4th International Illustration Symposium
Oxford University Museum of Natural History (OUMNH)
Parks Road, Oxford
7-8 November 2013
At this symposium, not only did I hear Johnny Hardstaff deliver a keynote address, which prompted me to request an interview (we talked about imagining a graphic language of the future), but I also delivered a paper. Here’s a summary, and some slides.
In the Spring semester I deliver a series of lectures on the “future” to Graphic Design and Illustration students (Level 5/2nd Year) at University of Brighton, and start with a couple of definitions so as to debunk such notions as, the future isn’t really anything to do with us right now, and, it’s all just science-fiction anyway.
“The ‘Future’ is everything that happens from [beat] now (…as they say in the movies…)” …is my playful opener; then I hit them with Tony Fry’s definition (from Design Futuring: sustainability, ethics and new practice, 2009); “The future is not presented here as an objective reality independent of our existence, but rather, and anthropocentrically, as what divides ‘now’ from our finitude. In other words, we exist in the medium of time as finite beings (individually and as a species) in a finite world; how long we now exist — the event of our being — is determined by either an unexpected cataclysmic event (like our plant being hit by a massive meteorite) or by our finding ways to curb our currently auto-destructive, world-destroying nature and conduct.”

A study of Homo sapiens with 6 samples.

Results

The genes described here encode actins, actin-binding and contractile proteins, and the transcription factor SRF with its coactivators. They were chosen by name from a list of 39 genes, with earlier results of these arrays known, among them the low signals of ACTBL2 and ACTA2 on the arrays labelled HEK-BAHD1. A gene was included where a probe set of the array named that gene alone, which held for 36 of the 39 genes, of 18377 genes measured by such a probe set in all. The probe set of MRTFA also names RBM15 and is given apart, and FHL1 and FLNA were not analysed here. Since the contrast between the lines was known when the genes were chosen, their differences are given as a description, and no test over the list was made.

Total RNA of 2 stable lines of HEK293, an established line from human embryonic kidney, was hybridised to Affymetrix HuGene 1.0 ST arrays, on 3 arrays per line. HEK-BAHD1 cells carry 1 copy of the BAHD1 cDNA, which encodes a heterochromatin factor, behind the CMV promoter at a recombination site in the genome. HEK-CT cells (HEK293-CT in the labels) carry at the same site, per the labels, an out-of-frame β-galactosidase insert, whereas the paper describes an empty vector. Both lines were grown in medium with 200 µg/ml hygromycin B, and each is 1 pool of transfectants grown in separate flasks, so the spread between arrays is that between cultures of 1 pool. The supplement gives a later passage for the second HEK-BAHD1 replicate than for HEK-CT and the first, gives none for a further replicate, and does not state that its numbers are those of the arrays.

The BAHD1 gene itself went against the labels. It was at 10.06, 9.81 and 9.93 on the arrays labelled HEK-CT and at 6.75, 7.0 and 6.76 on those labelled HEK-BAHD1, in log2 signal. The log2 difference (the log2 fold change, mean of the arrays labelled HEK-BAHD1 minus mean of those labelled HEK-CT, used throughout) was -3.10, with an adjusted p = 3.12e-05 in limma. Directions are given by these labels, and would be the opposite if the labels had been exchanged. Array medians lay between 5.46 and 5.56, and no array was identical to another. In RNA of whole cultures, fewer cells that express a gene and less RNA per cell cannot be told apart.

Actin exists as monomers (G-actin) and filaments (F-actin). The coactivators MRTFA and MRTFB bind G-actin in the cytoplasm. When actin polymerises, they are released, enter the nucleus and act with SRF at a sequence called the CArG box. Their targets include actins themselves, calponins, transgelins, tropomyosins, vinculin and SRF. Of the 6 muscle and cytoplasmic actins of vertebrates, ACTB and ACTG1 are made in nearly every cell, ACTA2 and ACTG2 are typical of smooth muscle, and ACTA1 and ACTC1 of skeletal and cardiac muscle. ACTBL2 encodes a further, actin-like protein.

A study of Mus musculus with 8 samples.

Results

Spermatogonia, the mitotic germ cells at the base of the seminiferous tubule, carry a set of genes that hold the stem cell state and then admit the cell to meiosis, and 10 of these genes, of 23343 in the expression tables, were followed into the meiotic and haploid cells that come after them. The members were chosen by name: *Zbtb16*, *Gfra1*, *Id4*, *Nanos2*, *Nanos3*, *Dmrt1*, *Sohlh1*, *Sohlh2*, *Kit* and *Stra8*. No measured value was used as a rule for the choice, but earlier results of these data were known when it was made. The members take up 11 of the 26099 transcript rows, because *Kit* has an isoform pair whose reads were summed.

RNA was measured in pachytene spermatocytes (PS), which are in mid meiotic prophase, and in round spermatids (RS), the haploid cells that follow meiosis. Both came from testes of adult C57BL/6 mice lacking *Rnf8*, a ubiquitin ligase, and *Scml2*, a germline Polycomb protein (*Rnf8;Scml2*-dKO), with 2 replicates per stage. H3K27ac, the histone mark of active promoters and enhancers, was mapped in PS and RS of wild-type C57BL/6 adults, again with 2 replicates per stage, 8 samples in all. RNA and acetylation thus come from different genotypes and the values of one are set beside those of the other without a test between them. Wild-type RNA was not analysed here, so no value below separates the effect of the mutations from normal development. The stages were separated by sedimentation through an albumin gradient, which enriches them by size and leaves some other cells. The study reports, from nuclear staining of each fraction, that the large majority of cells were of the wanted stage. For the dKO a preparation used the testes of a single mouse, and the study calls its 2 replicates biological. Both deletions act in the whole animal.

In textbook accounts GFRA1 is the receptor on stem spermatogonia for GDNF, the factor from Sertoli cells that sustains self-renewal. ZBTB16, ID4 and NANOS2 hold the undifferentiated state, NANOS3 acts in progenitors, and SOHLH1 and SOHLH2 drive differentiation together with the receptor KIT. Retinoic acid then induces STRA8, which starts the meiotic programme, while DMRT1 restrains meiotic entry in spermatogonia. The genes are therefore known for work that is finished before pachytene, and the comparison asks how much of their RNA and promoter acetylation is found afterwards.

…and that’s how I began this talk too.
I set out to show that perhaps by way of a heightened familiarity with drawn and animated futures peopled with cute and cuddly characters, used to entertain and promote (everything from breakfast cereals to banking services), a more positive, friendly, utopian version of the future is being proliferated. In comparison, the “scary”, sci-fi, dystopia future of apocalyptic blockbuster movies seems worn out; not so much because we can “see the wires”, but because we’ve developed “explosion fatigue”; such gargantuan, special-effects-driven destruction just doesn’t “feel real” anymore.